There is an interesting program that airs on the FOX Business channel called Strange Inheritance. It is a program that deals with people who leave significant inheritances to their children or grandchildren with the expectation that those who receive the inheritances will honor the requests of the deceased. Often the passing of inheritances involves collectible items that were very dear to their former owners.
One of the most fascinating aspects of the show is observing how heirs view collectibles as compared to how the original collector considered them. Sometimes those same emotional attachments exist, other times they do not. We know one thing for sure, however: letting go of collectibles while you are still alive can be heart-wrenching. We have experienced this first-hand on more than one occasion.
Lifetime Emotional Investments
When people choose to begin collecting something early in life, it is usually because that one thing they are passionate about truly excites them. Whether a collection is sports memorabilia or costume jewelry, it speaks directly to the heart of the person collecting it. Over decades of collecting, it is not unusual for strong emotional attachments to develop.
Imagine collecting sports memorabilia beginning in your preteen years. By the time you reach the age of 65, you likely have more than 50 years of collecting under your belt. And with every piece of memorabilia you add to your collection, there is a unique story to go with it. You have invested not only your money; you have invested your heart as well. Your lifetime of emotional investments is worth far more than anyone could pay in dollars and cents.
These emotional investments are what make parting with collectibles so difficult for so many. A person has his or her collectibles around for so long that it is hard to imagine life without them. So what do you do? What if a collection is so large that it must be reduced for whatever reason? There are no easy answers.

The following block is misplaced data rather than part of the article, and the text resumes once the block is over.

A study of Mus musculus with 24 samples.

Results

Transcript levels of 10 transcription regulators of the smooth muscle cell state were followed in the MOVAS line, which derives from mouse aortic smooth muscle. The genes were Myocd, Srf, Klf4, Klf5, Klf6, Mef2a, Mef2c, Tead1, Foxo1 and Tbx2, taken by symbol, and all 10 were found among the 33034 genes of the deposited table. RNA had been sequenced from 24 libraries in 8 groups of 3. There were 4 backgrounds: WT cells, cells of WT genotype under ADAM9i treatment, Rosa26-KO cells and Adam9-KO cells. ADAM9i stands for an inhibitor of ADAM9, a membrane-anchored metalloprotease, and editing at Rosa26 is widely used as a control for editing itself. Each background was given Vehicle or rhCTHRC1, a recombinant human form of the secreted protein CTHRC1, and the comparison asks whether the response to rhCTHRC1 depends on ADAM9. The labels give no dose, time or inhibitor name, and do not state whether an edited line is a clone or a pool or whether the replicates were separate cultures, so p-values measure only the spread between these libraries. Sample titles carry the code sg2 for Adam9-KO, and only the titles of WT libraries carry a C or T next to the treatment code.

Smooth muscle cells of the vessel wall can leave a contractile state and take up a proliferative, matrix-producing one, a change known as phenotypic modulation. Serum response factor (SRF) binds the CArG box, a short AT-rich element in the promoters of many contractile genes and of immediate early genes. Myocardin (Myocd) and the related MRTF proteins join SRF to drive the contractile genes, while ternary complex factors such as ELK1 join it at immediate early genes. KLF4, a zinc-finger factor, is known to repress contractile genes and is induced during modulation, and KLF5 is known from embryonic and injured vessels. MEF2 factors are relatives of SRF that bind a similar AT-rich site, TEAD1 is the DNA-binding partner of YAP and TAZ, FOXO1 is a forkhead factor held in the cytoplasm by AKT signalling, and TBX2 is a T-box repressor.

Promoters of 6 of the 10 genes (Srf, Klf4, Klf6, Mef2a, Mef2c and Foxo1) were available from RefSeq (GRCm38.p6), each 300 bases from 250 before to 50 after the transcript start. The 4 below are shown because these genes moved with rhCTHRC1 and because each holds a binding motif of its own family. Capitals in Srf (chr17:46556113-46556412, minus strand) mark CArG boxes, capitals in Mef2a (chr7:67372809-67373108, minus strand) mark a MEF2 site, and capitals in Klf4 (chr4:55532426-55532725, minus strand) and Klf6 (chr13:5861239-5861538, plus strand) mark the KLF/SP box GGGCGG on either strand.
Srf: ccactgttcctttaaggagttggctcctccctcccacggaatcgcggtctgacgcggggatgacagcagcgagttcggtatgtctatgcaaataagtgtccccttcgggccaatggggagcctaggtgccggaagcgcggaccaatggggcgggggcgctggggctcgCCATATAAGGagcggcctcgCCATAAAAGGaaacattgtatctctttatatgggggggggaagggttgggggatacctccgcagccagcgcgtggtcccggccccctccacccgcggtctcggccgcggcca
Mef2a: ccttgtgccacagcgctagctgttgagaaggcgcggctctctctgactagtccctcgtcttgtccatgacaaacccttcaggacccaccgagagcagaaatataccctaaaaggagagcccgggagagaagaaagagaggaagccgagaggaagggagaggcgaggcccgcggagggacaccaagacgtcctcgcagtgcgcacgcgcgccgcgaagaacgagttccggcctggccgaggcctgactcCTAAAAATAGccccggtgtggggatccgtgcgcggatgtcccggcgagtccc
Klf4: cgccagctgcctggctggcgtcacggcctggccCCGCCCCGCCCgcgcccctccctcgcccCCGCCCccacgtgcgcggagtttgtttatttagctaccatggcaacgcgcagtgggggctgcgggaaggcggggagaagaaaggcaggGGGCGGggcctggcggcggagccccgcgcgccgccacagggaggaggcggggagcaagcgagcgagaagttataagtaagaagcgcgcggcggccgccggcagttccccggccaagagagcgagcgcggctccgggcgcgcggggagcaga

Ways to Ease the Pain
Our selection of senior concierge services includes packing, moving, and downsizing. As such, we have quite a bit of experience helping people who are struggling with letting go of collectibles. We have a couple of suggestions that might make the process easier in your case.
First, there might be younger family members who would appreciate having some of those items that you have determined have to go. Grandparents love to pass on their collectibles to grandchildren and great-grandchildren. Perhaps splitting up a collection among multiple recipients will make it possible to keep the collection in the family.
If family members are not interested, there may be a local museum that would be interested in your loved one’s collection. Local museums are always looking for items they can put on display, especially if they pertain to something most of their patrons find fascinating. If there is nothing local, there may be museums elsewhere in the country that might be interested.
Lastly, the decision to make a collection available to the general public can be advertised primarily to similar collectors. For example, an antique dealer might be able to point you in the direction of a local collector interested in that costume jewelry or your pre-Columbian art.
It takes a little work to find a good home for collectibles but we believe that it is generally worth the effort. People are more willing to give up their collections if they know the items are going to someone else who will cherish them just as much. That, at least, provides some measure of comfort.